Juno Decades: Songs of the '80s Horseshoe Tavern, Toronto ON January 8

Juno Decades: Songs of the '80sHorseshoe Tavern, Toronto ON January 8
Curated by Last Gang, this was the second of the Juno Awards' star-studded tributes to the decades. It drew a capacity crowd, and sauna-like temps inside seemed as if they were in the '80s too. That aside, this evening proved much of the music of the maligned era of spandex and synth drums holds up rather well.

At times, the show resembled "A Tribute to MuchMusic," given that former VJ Christopher Ward played MC, Michael Williams chose the between set '80s tunes and Erica Ehm made an appearance. That was appropriate, given that this was the golden era of music video.

As show openers, Modern Superstitions included a version of Martha and the Muffins' classic "Echo Beach" during their set, while former Coney Hatch frontman Andy Curran fronted a band that included Blue Rodeo drummer Glenn Milchem, who gleefully pounded the skins on '80s rock tunes. After a strong rendition of his 1982 hit "Monkey Bars," Curran introduced guitar hero Rik Emmett of Triumph fame. Looking professorial, Emmett showed his vocal and guitar chops remain strong, and the band's version of Triumph anthem "Magic Power" had the crowd singing along.

After an unduly long break, the recently reunited Platinum Blonde took the stage. They're enjoying a resurgence of interest via Crystal Castles and Robert Smith's hit remake of "Not in Love," and this song kicked off the Blondes' spirited three-song set. Devoid of their video trappings, the tracks retained a real melodic strength, something the group will be able to show off when they take them back on the road. Toronto modern rock faves Chalk Circle also impressed, especially on a fiery version of T. Rex's "20th Century Boy," and they were followed by the musically strongest set of the night, from local new wave/synth pop heroes Blue Peter. Singer Paul Humphrey looked and sounded great, and the guest presence of Emm Gryner boosted their biggest hit, "Don't Walk Past."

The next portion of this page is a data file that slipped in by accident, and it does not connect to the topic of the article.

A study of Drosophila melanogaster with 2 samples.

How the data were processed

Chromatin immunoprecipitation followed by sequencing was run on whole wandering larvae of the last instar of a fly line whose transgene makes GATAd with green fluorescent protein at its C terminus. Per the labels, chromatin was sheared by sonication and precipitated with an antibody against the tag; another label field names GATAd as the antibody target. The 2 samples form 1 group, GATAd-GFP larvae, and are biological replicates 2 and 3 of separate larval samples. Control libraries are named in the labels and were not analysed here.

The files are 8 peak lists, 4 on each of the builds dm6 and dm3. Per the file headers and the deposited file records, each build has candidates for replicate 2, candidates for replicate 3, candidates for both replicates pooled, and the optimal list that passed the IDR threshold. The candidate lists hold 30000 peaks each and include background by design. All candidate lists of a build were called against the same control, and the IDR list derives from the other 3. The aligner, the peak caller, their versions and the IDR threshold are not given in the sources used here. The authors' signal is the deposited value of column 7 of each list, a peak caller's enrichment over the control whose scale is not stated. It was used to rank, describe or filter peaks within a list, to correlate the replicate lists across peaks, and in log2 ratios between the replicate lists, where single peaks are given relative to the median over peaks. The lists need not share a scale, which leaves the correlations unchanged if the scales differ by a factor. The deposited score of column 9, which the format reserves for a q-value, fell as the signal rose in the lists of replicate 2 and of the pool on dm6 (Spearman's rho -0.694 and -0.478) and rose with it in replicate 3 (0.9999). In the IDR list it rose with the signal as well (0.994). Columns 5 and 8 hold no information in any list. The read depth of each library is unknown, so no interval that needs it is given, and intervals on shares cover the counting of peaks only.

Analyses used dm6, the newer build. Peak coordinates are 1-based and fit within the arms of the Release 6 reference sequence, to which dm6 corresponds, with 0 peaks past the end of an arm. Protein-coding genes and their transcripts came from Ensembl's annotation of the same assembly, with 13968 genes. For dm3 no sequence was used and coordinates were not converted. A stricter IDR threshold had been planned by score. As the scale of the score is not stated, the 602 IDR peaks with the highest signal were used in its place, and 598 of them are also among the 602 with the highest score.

Canada's first hip-hop star Maestro Fresh-Wes thrilled the crowd with what was basically an energized medley of his biggest '80s hits, beginning with "Let Your Backbone Slide." It was initially marred by murky sound, but Wes soon triumphed with his infectious cheerleading and inventive use of Gowan and Guess Who samples. The night closed out with the Spoons. Faithful versions of their hits "Arias and Symphonies" and the classic "Nova Heart" went over well, while new tune "End of Story" (from an imminent new album) retained their signature sound. They concluded with "Romantic Traffic," easily enlisting the audience's vocal participation.

You can see more photos from the night by clicking here.